Muncie, Indiana. Population: 65,287. Home of Ball State University and former home of the Ball Corporation (the people who make ball jars). East central Indiana. With the declining economy in the United States, small towns like Muncie, once hubs for manufacturing and industry, have experienced a shift in population. Instead of a base of blue collar workers, Muncie’s population has become supplemented by college students, creating a tension in once what was called “Middletown.” What do those who graduate from such places think about after four years? If twenty-somethings become “stuck” in these towns, how do their lives become defined? Drinking/Drugs. Love. Boredom.
These are things that Daniel Bailey is thinking about in east central indiana, his first e-book forthcoming from bearcreekfeed. The first three poems in the collection all have drug references: i want to smoke meth with you, meth is the mid-western drug, and i want to get drunk with you. Drinking is the cliché for poets, but Bailey is after more than self-indulgence. He doesn’t want to be alone; “i want to raise dinosaurs / from birth to death with you.” His speakers try to seduce others to share in the misery/apathy that he experiences: “you are good weather / you are rain in late august” and “i cannot possibly tell you everything i feel / and that is an amazing feeling.” The “You” is hope; “You” is so close.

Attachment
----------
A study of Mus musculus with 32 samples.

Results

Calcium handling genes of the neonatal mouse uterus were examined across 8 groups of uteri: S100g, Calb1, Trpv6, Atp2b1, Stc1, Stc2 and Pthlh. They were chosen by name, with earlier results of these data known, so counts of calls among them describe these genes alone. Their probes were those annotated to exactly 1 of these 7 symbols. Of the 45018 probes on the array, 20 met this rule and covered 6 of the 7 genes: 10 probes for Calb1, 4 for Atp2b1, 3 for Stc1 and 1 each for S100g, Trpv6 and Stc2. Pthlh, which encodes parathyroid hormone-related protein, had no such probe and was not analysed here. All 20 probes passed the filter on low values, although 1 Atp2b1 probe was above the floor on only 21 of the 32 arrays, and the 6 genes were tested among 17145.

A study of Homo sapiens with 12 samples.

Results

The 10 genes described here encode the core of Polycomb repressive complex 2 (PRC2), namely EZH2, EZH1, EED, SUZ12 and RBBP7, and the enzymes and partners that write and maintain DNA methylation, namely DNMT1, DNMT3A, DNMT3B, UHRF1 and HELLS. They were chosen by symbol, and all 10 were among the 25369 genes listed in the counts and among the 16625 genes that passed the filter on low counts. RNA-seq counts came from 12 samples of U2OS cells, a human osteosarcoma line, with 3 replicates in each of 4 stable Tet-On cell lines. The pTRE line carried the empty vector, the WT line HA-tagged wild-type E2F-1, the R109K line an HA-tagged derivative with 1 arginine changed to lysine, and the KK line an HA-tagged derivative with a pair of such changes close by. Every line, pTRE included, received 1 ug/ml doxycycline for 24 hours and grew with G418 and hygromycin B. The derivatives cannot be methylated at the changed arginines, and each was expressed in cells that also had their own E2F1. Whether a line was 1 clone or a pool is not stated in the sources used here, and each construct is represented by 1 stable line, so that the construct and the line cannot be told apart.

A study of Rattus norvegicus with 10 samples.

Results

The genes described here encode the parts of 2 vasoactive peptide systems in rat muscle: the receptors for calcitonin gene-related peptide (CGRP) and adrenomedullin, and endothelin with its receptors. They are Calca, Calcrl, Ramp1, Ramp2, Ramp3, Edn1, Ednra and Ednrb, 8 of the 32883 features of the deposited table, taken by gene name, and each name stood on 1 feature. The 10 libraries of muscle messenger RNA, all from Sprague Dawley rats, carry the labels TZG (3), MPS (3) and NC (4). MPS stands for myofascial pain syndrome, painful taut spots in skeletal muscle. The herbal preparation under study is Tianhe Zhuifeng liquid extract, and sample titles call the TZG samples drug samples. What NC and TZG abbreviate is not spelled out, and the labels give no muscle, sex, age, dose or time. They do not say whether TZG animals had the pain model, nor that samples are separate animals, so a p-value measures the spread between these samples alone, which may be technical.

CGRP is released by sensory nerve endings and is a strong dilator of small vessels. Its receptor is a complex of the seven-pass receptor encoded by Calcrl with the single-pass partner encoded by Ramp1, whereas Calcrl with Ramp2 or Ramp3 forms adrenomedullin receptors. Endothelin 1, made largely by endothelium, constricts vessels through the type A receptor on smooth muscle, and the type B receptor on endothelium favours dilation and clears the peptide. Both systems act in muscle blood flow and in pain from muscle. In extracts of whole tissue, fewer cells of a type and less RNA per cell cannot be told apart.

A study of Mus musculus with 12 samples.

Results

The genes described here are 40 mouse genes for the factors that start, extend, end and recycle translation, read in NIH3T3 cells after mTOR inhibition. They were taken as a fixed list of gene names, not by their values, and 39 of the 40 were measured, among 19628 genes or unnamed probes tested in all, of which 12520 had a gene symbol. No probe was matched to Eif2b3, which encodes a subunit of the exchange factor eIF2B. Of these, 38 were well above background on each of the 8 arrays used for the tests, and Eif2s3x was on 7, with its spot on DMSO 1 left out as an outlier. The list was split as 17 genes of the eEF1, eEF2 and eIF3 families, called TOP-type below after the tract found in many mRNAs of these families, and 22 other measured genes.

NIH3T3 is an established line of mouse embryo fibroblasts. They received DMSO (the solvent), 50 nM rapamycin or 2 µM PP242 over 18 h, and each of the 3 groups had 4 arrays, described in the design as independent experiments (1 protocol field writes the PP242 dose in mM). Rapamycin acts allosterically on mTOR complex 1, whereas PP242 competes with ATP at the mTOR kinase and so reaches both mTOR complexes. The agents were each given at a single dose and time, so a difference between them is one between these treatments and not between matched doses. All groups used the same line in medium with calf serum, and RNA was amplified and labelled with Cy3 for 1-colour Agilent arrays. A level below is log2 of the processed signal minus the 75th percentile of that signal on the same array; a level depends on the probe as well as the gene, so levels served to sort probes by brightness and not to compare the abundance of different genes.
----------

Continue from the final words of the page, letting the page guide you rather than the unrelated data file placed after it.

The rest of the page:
Of course, if seduction doesn’t work, escape with another is the next best option in meth is a mid-western drug. Bailey tells us that “what we’ve been looking for is a hole / in which to bury these gators we call our lives.” Starting over, escaping the heaviness of a town that doesn’t have a name. But sometimes escape cannot happen, and boredom takes over, like in the poem “all my good deeds”:
for i am about to eat chuck berry’s heart
and halle berry’s heart
and dave berry’s heart
and burn up like a viking funeral
on a river of ducks
if i could shrink to the size of a pea
i would paint myself green
and write air bud screenplays
The heaviness of being in a small town drives Bailey’s speakers to strangeness, and from that boredom rises sadness: “the flames that touch my face will touch my sadness very soon / and my sadness will grow up with all ten fingers in its mouth.”
Despite these feelings of melancholy, Bailey’s speakers do, by accident or not, find beauty and humor in the situations they find themselves in. In poem for the trying, the speaker notes that, “[his/her] teeth are always little moons orbiting [his/her] tongue.” And in the next poem, we went downtown, that speaker notes that, “we were like a buttgrab at a funeral.” The strangeness of small town life doesn’t end alone in an apartment drinking or doing drugs, but it follows Bailey’s speakers everywhere they go.
east central indiana isn’t just Muncie. It’s Moorhead. It’s Fargo. Miles from the big cities where there’s always something fun to. Bailey’s speakers find solace in temporary escape – getting drunk and thinking about the unanswerable questions in life. Revelation does some for some of these people, as well as a sense of strangeness that can never be quite shaken off. Small towners only need to ask themselves one question to be east central indiana: “what is the cornfield singing tonight?”
Nathan Logan is a MFA candidate at Minnesota State University Moorhead and the editor of the online poetry magazine Spooky Boyfriend. Some of his work has appeared in: Literary Tonic, No Posit, Robot Melon, The Scrambler, The Subterranean Quarterly, and Superficial Flesh.